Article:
4 innovations in office printing
In the age of smartphones and social media, one might think that physical print is old news. But enterprise print technology is advancing quickly to fulfill new market needs, including high-speed printing on demand, wireless printing and enhanced IT security.
Here’s a look at some of the biggest current and upcoming innovations in printing:
Big, bulky printers make poor travel companions. But they are now competing with compact models that easily fit into a suitcase or travel bag – while still offering all-in-one print, scan and copy functionality. The latest models can print documents, labels and even photos wirelessly from the user’s mobile device or laptop.
Fast on-demand printing
To keep up with digital media, large-scale print users are moving to a ‘just in time’ production model in a bid to reduce waste, limit surplus stock and offer a more customised service. Multiple advances in printing technology and print workflow management now allow businesses to access high-speed, on-demand printing services for everything from signs, labels and posters to newspapers, magazines and books. The latest developments include super-fast, energy-efficient enterprise printers that can produce over 100 pages per minute in full colour. As the technology evolves, we can expect to see fewer enterprises needing to outsource their printing needs to external printing shops.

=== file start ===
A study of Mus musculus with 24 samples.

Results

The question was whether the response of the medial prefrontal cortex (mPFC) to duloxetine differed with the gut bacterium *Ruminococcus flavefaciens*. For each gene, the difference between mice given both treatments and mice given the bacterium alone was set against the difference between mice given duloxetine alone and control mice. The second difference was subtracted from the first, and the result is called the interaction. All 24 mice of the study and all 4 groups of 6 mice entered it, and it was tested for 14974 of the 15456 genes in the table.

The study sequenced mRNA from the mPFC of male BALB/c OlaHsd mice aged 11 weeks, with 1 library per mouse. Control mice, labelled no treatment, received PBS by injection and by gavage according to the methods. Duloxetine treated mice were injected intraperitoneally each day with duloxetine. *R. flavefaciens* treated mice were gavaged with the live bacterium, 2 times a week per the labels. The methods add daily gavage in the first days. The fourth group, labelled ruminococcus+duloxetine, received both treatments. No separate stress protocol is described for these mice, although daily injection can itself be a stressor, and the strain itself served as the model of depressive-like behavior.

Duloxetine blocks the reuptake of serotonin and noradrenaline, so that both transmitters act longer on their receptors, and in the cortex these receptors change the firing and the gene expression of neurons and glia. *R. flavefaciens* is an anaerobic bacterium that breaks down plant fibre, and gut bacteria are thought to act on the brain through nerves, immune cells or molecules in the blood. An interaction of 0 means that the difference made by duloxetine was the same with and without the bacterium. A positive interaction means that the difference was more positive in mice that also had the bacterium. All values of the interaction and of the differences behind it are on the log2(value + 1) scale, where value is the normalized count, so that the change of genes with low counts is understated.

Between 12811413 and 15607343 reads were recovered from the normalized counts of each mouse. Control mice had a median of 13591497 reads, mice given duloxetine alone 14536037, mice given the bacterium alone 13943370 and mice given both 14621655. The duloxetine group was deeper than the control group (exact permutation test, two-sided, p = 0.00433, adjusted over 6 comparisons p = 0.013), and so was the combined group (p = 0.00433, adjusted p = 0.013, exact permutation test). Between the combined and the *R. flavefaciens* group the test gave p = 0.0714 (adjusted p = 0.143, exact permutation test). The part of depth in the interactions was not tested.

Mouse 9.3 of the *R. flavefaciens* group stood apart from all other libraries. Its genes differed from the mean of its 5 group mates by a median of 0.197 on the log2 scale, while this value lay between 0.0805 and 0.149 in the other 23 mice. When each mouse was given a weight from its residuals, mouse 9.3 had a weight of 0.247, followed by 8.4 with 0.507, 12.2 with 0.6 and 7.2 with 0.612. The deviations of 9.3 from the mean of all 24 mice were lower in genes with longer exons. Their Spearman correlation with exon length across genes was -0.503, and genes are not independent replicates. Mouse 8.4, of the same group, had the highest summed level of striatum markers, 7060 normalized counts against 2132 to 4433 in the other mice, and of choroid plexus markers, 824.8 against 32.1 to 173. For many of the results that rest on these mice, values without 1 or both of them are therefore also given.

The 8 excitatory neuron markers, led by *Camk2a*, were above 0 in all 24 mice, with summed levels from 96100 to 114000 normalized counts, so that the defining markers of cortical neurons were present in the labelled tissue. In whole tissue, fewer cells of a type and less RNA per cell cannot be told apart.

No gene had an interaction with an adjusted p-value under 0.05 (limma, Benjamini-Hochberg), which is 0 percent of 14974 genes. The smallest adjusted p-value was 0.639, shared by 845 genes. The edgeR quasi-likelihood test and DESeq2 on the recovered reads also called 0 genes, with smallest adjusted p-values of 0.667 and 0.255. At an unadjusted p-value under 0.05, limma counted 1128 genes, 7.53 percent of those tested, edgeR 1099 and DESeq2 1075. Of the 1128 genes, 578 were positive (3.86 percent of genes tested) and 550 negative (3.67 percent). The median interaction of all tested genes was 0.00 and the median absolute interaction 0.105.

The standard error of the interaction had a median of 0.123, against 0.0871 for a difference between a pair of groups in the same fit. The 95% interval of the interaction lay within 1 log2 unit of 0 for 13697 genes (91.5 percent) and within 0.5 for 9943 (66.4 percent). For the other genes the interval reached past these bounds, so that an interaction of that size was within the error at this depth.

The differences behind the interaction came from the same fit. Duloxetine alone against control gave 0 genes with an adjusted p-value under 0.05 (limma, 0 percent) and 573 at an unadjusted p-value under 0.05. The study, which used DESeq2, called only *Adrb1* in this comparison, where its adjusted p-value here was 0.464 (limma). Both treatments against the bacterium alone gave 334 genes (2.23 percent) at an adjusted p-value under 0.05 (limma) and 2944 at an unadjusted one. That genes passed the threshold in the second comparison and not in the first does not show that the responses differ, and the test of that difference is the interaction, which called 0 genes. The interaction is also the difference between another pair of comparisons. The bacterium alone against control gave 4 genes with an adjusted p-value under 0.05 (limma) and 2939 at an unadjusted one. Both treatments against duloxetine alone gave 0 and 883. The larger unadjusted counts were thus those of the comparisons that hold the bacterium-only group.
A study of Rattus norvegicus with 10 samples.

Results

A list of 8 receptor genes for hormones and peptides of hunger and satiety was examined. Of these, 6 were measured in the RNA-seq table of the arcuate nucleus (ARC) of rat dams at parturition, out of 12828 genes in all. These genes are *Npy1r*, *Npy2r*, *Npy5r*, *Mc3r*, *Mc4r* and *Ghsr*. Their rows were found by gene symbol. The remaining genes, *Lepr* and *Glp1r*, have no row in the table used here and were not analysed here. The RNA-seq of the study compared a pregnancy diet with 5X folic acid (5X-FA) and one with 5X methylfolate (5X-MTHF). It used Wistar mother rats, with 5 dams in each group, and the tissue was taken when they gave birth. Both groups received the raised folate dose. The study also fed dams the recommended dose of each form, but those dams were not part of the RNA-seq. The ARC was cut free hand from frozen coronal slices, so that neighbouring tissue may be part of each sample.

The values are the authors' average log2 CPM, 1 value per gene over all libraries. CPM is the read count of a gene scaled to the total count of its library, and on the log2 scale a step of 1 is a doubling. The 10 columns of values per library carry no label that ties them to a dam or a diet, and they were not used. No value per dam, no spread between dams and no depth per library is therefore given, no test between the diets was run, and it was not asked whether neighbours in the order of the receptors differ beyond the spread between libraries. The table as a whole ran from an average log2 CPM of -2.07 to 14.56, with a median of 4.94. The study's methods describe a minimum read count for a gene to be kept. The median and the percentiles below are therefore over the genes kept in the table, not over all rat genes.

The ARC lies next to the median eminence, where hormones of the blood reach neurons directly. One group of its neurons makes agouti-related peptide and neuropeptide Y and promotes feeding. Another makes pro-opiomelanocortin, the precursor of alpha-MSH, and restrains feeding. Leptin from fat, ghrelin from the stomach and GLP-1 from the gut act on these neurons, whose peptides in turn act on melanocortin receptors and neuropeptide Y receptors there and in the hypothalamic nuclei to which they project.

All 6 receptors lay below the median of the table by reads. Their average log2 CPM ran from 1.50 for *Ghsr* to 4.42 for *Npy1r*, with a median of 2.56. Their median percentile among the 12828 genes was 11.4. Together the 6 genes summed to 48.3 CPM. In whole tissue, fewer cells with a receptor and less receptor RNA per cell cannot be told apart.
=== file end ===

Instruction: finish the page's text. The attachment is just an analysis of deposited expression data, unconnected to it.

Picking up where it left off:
Biometric ID security
‘Pull printing’ is a commonly-used security feature to protect documents and prevent data theft, whereby the user’s print job is withheld until after a security check. This typically involves the user confirming their identity at the printer using RFID or a PIN. The latest biometric ID pull printing insures against lost or stolen smartcards or passcodes by allowing the user to identify via their fingerprint instead.
Diverse print media and 3D printing
Thanks to advances in ink and printer design, the days of printing solely on flat sheets of paper are already well behind us. Some of the newest inkjet printers, for instance, are capable of printing on fabric, wood, glass, ceramics and other materials. But the same basic mechanical processes are now also being used to render 3D objects from raw material. 3D printing is being trialled for everything from rapid manufacturing and prototyping to toolmaking, medical bioprinting, car manufacturing and even home construction. It’s a technology that is likely to disrupt every industry it touches.
The fast pace of digital innovation continues to drive improvements in both 2D and 3D printing. If your printer fleet is due for a refresh, there’s no shortage of great options to choose from.